Trump's Decision to Withdraw from Syria Is Triumph for Erdogan
By Dorian Jones October 7, 2019
President Donald Trump's announcement of a U.S. withdrawal from northern Syria, paving the way for a Turkish military operation against a Kurdish militia in the area, is widely being seen as a diplomatic triumph for Turkey's President Recep Tayyip Erdogan.
Trump made the surprise move in a telephone conversation with Erdogan on Sunday.
Monday, Erdogan welcomed Trump's resetting of Washington policy toward Syria, indicating a Turkish operation could be imminent.
"We have said [in the past] that may suddenly arrive one night. We remain determined," Erdogan said.
For months, Turkish forces have been massed on the Syrian border facing off against the Kurdish-led Syrian Democratic Forces. Ankara designates the YPG, the main force within the SDF, as terrorists, but the group is a critical ally in the Washington-led war against the Islamic State terror group.
Under U.S. pressure, Ankara has held off from its plan to create a 30-kilometer-deep buffer zone to protect its border from the Kurdish militia. Erdogan also plans to use the territory to send back up to 2 million Syrian refugees living in Turkey.
Washington's support of the YPG has been a significant point of tension with Ankara. Analysts suggest Erdogan will likely strike quickly against the Kurdish militia.
"There is the possible expectation Trump may step back," said international relations professor Huseyin Bagci of Ankara's Middle East Technical University, "because of the historical experiences of what happened in previous years. Turkey does not trust either President [Barack] Obama or Trump. The general concept is don't trust American presidents."
Amid domestic criticism of his decision regarding northern Syria, Trump on Monday issued a warning to Turkey.
"If Turkey does anything that I, in my great and unmatched wisdom, consider to be off limits, I will totally destroy and obliterate the Economy of Turkey (I've done before!)," he tweeted.
In December, Trump, in another call with Erdogan, promised to withdraw all U.S. forces from Syria immediately. But following intense political pressure, the withdrawal was suspended. Analysts say Ankara will be watching Washington closely, where already there is strong pushback from some close allies of the U.S. president over Sunday's decision.
"It will be a stain on America's honor for abandoning the Kurds," tweeted Republican Sen. Lindsay Graham. "if this plan goes forward, will introduce Senate resolution opposing and asking for a reversal of this decision. Expect it will receive strong bipartisan support."
Graham, a close Trump ally, was seen as instrumental in persuading Trump last year to step back from withdrawing forces from Syria.
Ankara is also likely to face pressure from Tehran over its Syrian plans.
"The only way to maintain the security of Turkey is the military presence of the central government in the border areas," Iranian Foreign Minister Javad Zarif said Sunday. "It is not possible to ensure security by working against the territorial integrity and sovereignty of Syria."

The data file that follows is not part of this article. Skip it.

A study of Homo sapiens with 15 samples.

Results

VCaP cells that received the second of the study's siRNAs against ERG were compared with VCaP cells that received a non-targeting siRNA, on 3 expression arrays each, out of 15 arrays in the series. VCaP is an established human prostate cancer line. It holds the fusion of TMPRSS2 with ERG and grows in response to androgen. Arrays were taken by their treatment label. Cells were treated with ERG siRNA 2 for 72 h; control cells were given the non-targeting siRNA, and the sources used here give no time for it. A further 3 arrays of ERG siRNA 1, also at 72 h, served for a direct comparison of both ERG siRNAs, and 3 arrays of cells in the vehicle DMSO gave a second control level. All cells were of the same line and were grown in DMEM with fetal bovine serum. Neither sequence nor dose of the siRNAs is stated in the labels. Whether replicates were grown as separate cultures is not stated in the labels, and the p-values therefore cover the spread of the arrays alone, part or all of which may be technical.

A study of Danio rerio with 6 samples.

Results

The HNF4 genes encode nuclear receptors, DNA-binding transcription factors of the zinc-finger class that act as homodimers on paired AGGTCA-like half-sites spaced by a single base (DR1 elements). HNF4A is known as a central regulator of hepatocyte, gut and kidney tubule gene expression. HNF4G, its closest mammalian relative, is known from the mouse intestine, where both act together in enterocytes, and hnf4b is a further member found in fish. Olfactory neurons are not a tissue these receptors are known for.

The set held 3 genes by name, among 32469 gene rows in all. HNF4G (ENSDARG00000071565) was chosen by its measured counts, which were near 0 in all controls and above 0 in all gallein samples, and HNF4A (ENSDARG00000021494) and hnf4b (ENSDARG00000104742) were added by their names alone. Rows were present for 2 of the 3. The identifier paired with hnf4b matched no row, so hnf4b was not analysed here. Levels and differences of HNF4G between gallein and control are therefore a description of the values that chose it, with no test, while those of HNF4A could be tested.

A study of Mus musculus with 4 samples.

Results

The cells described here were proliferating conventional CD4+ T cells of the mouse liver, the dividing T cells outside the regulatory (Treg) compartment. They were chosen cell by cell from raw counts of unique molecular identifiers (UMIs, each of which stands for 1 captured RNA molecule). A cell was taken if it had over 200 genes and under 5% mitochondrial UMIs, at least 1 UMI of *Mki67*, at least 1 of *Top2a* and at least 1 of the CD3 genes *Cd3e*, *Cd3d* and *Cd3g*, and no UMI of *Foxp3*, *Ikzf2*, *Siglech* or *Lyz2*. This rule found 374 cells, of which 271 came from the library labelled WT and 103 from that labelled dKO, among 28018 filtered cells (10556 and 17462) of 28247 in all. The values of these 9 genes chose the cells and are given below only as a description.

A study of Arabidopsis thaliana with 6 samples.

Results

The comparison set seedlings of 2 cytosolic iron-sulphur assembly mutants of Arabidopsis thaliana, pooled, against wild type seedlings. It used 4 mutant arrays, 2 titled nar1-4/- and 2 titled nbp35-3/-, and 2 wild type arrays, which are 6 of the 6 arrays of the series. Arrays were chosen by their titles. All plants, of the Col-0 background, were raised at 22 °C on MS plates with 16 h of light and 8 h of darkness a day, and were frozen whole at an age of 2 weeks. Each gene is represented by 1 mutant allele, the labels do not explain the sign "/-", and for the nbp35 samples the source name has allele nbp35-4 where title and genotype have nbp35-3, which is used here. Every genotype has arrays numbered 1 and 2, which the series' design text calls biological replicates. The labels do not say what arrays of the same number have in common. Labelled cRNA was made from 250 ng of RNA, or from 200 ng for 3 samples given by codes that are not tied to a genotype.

Zarif said Tehran's position was "frankly" put to Ankara, at last month's tripartite summit with Moscow. The three countries are working together to resolve the Syrian conflict under what is called the "Astana Process."
Turkish Foreign Minister Mevlut Cavusoglu pushed back Monday against Zarif.
"From the start of the Syria war, we have supported that country's territorial integrity and will continue to do so from now on," Cavusoglu tweeted.
Tehran and Ankara are regional rivals and support opposite sides in the Syrian civil war. Iran is already voicing unease over Turkey's existing military presence in Syria, issuing thinly veiled calls for their withdrawal.
Turkey's planned operation of creating a 30-kilometer buffer zone will mark a significant expansion of Turkish military presence in Syria. However, Trump's suggestion that Ankara takes over the fight against Islamic State and control of jihadist prisoners in the region could see a significant expansion of the planned operation.
"What I know is that Turkey probably got assurances [from Washington] that it can widen this 30 km range," said Bagci. "Technically speaking, the Turkish military has taken every measure to go at least 100 kilometers inside Syria. I know this from military sources."
Bagci says it remains unclear whether the Turkish air force will be able to use Syrian airspace for its planned operation.
Currently, the airspace is under U.S. control, which has been enforcing a de facto no-fly zone. Washington has not commented on whether it will allow Turkish warplanes to enter.
"Without air support, they [Turkish army] would have to rely on artillery, mortar and perhaps tanks," said retired Turkish general Haldun Solmazturk, a veteran of cross-border operations.
"It is inevitable there would be resistance by the YPG, and this would be in a huge area," he added." There would be an insurgency if the Turkish military moves there and stays there. It will be a costly operation."